Widmer: 'If we stand still, people will pass us'
New head coach and performance director Widmer confident of taking S'pore swimming to the next level
Singapore has the advantage of "The Schooling Effect", but it must do things the right way.
That was the message by Stephan Widmer, the new national head coach and performance director of the Singapore Swimming Association (SSA), during his official unveiling at a press conference yesterday.
The Swiss-Australian started work here last Monday, joining on a three-and-a-half-year contract from Swimming Australia, where he was head coach of Queensland.
While Widmer has never met Singapore's Olympic champion Joseph Schooling, he referenced the 22-year-old several times in his address to the media.
For example, Widmer quipped he would take 50.39 seconds - Schooling's winning time in the 100m fly at last year's Rio Olympics - to introduce his background to the press.
He also mentioned "The Schooling Effect", comparing Schooling's gold medal at the Olympics to Laure Manaudou's first women's swimming gold medal for France at the Athens Games in 2004.
France has since won seven other gold medals in the three subsequent Olympics.
But while Schooling's milestone vindicated the decision by the authorities to allow him to defer his National Service (NS) commitments, Widmer said he intends to "respect" the protocol in granting deferments to elite athletes.
Said the 50-year-old coach: "Each sport has to earn the right, through good planning and implementation of processes.
"But each sport has to understand, if you don't respect that (privilege), you lose it very quickly. And I have no problem with that.
"If you just want to play the card the wrong way, purposely, and you just want to benefit in the short term, that can't work.
"So we have to be good at planning, be specific about individuals who we feel we would like to defer, and see what comes from that."
Mandatory military conscription was just one similarity Widmer, who was a telecommunications officer in the Swiss Air Force, noted between his native Switzerland and Singapore.
The pursuit of academic excellence was another he pointed out.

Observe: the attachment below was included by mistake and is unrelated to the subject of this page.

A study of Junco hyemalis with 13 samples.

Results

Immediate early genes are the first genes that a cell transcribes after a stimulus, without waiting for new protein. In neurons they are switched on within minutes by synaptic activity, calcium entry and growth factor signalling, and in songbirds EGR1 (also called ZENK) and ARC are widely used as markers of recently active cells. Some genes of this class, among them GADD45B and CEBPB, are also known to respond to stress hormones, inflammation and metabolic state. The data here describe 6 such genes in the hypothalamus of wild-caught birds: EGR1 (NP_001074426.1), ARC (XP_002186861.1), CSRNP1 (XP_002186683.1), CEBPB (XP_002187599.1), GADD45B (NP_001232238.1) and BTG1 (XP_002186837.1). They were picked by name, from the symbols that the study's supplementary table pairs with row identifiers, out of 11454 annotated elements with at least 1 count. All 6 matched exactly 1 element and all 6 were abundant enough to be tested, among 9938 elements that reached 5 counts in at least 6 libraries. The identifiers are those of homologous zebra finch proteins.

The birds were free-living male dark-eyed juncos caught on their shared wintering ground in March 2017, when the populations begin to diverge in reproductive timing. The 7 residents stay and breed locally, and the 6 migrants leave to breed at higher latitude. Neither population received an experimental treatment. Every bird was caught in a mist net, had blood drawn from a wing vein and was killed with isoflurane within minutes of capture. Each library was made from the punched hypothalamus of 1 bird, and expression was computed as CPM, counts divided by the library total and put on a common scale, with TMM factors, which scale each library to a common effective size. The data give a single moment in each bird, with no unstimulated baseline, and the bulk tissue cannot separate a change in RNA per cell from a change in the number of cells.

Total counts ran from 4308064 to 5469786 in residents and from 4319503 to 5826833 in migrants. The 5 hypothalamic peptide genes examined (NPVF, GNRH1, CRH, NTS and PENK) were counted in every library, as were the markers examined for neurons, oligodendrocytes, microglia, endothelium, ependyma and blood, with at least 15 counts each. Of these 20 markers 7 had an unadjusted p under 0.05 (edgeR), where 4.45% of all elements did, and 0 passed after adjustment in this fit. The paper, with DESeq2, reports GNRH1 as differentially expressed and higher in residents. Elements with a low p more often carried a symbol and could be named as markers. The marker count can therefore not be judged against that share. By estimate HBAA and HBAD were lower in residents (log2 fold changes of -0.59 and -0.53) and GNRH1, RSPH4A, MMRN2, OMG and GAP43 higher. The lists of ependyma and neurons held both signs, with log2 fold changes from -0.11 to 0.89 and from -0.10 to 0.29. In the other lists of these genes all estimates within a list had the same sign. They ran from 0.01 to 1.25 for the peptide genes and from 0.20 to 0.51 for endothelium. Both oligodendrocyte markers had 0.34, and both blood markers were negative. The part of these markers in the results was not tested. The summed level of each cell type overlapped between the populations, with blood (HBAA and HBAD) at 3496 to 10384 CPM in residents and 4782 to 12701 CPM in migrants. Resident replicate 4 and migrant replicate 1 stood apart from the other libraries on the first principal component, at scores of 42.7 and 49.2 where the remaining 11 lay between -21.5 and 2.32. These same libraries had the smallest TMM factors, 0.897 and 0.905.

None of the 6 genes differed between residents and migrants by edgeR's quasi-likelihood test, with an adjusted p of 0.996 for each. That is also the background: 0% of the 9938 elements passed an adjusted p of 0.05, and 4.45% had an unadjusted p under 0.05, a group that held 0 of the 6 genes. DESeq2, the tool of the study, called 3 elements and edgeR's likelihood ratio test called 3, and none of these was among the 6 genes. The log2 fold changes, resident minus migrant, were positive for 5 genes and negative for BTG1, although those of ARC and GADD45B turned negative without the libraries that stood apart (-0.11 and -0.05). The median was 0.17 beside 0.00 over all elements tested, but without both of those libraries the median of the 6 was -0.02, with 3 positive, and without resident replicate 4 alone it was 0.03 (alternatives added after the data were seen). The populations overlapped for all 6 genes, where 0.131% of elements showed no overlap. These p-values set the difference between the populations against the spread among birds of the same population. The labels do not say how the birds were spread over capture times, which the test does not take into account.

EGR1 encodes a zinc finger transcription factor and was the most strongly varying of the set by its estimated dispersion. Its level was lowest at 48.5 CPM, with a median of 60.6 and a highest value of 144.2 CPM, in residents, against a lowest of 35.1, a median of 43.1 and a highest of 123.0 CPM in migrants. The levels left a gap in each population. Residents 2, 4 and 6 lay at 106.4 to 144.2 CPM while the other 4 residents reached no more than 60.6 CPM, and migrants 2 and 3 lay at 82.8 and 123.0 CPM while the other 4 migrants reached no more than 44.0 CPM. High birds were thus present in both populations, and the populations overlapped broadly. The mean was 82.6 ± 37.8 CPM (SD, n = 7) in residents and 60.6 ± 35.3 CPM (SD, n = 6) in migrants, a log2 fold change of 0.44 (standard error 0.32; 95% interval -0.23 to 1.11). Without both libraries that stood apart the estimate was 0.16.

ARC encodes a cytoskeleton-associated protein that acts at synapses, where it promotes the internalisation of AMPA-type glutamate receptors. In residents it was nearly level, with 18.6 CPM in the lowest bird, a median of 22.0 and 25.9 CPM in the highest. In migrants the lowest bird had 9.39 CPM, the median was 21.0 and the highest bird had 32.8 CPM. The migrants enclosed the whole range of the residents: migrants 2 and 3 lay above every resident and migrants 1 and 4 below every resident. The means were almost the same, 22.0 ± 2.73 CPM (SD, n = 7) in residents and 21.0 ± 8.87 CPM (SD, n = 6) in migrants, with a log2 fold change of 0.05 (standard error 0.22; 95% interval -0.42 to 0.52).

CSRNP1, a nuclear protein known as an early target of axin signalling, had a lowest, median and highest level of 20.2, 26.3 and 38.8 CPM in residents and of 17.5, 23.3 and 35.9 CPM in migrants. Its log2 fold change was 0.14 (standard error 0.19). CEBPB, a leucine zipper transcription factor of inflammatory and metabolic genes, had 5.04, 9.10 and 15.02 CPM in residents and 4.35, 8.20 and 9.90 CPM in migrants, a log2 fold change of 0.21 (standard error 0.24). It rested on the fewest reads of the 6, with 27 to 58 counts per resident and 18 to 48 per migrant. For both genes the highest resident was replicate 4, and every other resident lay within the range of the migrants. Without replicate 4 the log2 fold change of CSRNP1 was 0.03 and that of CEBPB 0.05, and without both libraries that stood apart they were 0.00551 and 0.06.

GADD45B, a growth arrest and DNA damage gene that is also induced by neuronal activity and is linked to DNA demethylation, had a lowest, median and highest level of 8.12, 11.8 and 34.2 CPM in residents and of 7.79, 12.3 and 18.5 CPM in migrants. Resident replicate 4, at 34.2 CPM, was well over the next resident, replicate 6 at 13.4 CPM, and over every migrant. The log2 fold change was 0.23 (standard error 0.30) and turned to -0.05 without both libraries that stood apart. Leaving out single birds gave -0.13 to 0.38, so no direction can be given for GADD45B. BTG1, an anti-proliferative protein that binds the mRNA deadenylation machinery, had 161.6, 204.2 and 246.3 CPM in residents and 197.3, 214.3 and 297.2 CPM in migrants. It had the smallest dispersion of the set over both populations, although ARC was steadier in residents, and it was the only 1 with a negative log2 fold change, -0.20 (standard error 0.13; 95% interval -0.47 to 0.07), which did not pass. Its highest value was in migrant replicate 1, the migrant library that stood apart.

Throughout his 15-minute address, it was clear Widmer's focus is in developing the standard of local coaching in Singapore.
Asked what he felt is his most important task, he replied: "My No. 1 priority? To work with coaches, engage them, and (take) them to another level.
"My No. 1 goal as a coach was to improve myself - I got back from a competition winning a gold medal at the Worlds or Olympics, and the first thing I wanted to do was improve myself.
"I don't want the coaches to take this as (me saying they're) not good enough. It is not an attack on them.
"If we don't move forward, we will be passed backwards. We stand still, people will pass us."
Widmer is widely regarded as one of the top names in world swimming, and has coached several Olympic champions, such Libby Trickett, Leisel Jones and Jessicah Schipper.
A total of 20 world records and 16 world championship titles have come from his stable of swimmers.
SSA president Lee Kok Choy was delighted with Widmer's arrival, hailing him as the "last piece of the puzzle" in the swimming body's long-term plan.
SSA vice-president (swimming) Joscelin Yeo also said: "Stephan is a coach of coaches.
"The value-add from him to come in and mentor the coaches that we have... and helping bring things into a system that enables our coaches to be successful and see their role as a professional one, will enable us from high performance all the way down to the lower chain."